Medicinal plants have been grown and foraged for centuries, and it is no new concept. But as a society, we seem to have become almost cynical and mistrusting of plants' medicinal qualities.
To this day, plants with healing powers can be grown and picked from gardens or out in the wild – as long as you know what to look for! Use this blog as a guide or even as a doorway into the world of healing plants.
Healing plants to grow in your garden
You don’t even have to go on a hike to find some of the most essential healing plants. You can just grow them in your gardens! There’s a whole host of healing plants out there for you to explore, but for now, we’ve just listed a few of our favourites that won’t only provide healing benefits but will produce a gorgeous garden too.
Primrose – Primroses have been studied for hundreds of years, and primrose oil has been found to have anti-inflammatory properties. It can also be made into a salve that treats wounds, skin dermatitis, and eczema.
Mint – Mint is often considered the perfect remedy to relax the tummy and intestines from an upset or to ease nausea. A cup of peppermint tea can even help relieve symptoms of bloating or indigestion.
Turmeric – Turmeric is considered to be a supplement for sufferers of arthritis, or anyone who wishes to relieve discomfort. It’s also widely believed to prevent DNA mutations, like cancer.
Echinacea – Echinacea has been used for centuries as a form of medicine. It helps to boost your immunity and is thought to improve cold symptoms. It’s even found in a lot of over-the-counter medicines.
Healing plants to find and forage
Dandelions are highly nutritious and have been considered essential for a healthy lifestyle. They are incredibly easy to find, especially around springtime. They are used to help fight inflammation and have been found to have blood sugar-reducing properties. Dandelions are also used to help support healthy digestion and can be used to treat constipation as they’re high in fibre.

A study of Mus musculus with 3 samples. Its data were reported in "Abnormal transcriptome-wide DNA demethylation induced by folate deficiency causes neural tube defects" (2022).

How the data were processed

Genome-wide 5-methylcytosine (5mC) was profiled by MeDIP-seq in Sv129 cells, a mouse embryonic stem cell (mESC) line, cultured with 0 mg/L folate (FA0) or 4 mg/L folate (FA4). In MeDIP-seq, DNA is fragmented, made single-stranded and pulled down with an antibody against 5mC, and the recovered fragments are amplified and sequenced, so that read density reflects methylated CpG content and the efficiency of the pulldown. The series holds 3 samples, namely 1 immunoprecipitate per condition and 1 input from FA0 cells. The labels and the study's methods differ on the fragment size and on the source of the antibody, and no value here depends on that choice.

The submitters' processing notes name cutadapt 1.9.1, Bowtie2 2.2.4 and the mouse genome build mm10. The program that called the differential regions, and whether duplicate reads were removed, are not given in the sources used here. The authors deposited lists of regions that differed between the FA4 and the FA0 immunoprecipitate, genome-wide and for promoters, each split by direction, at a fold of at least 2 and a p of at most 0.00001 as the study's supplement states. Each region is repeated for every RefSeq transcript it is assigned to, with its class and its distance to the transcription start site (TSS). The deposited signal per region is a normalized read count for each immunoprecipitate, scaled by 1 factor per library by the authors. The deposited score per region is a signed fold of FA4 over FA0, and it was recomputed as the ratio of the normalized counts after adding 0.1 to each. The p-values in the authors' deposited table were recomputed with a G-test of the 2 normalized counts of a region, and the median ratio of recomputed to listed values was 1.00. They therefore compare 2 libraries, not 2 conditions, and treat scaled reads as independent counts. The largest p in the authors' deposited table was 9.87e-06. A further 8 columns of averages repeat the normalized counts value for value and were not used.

Achillea plants have flat heads, which are easy to find on nature trails. Yarrows were often used to treat coughs and fevers, or even to stop cuts from bleeding. A yarrow salve can be made with these plants, but do not mistake them for Poison Hemlock. You can tell Achillea and Poison Hemlock apart from a few characteristics – hemlock tends to have a firework explosion-shaped flower head, whereas Achillea plants tend to have more of a uniform flat head, and the flowers are more compact.
The best way to tell if you’re dealing with Hemlock is by checking the stems. Many will show red or purple splotches along the stem. Achillea plants won’t have this on their stems.
Wild garlic is known for its anti-bacterial properties. It can ease intestinal issues and flare-ups, as well as give protection from cold and flu symptoms. You usually smell wild garlic before you see it, but when you do, it’ll be in abundance! They’re often found in woodland areas or shady spots near lots of trees. You can eat wild garlic raw (although we recommend washing it first) or pop it in a pesto. Be sure to just pick the leaves though!
Stinging nettles contains all kinds of nutrients and amino acids. They’re known to be an antioxidant and anti-inflammatory, treating symptoms of arthritis and other painful afflictions. They could even be used to treat hay fever or even, thanks to recent studies, enlarged prostate symptoms.
You can find stinging nettles along many walkways, public paths, or in woodland walks. Make sure when you harvest nettles that you wear gloves, as they can cause irritation, and wash them before eating. You can use nettles to make tea or cook them in soups and stews or even stir-fries. Please avoid eating them fresh, no one wants irritation on their tongue!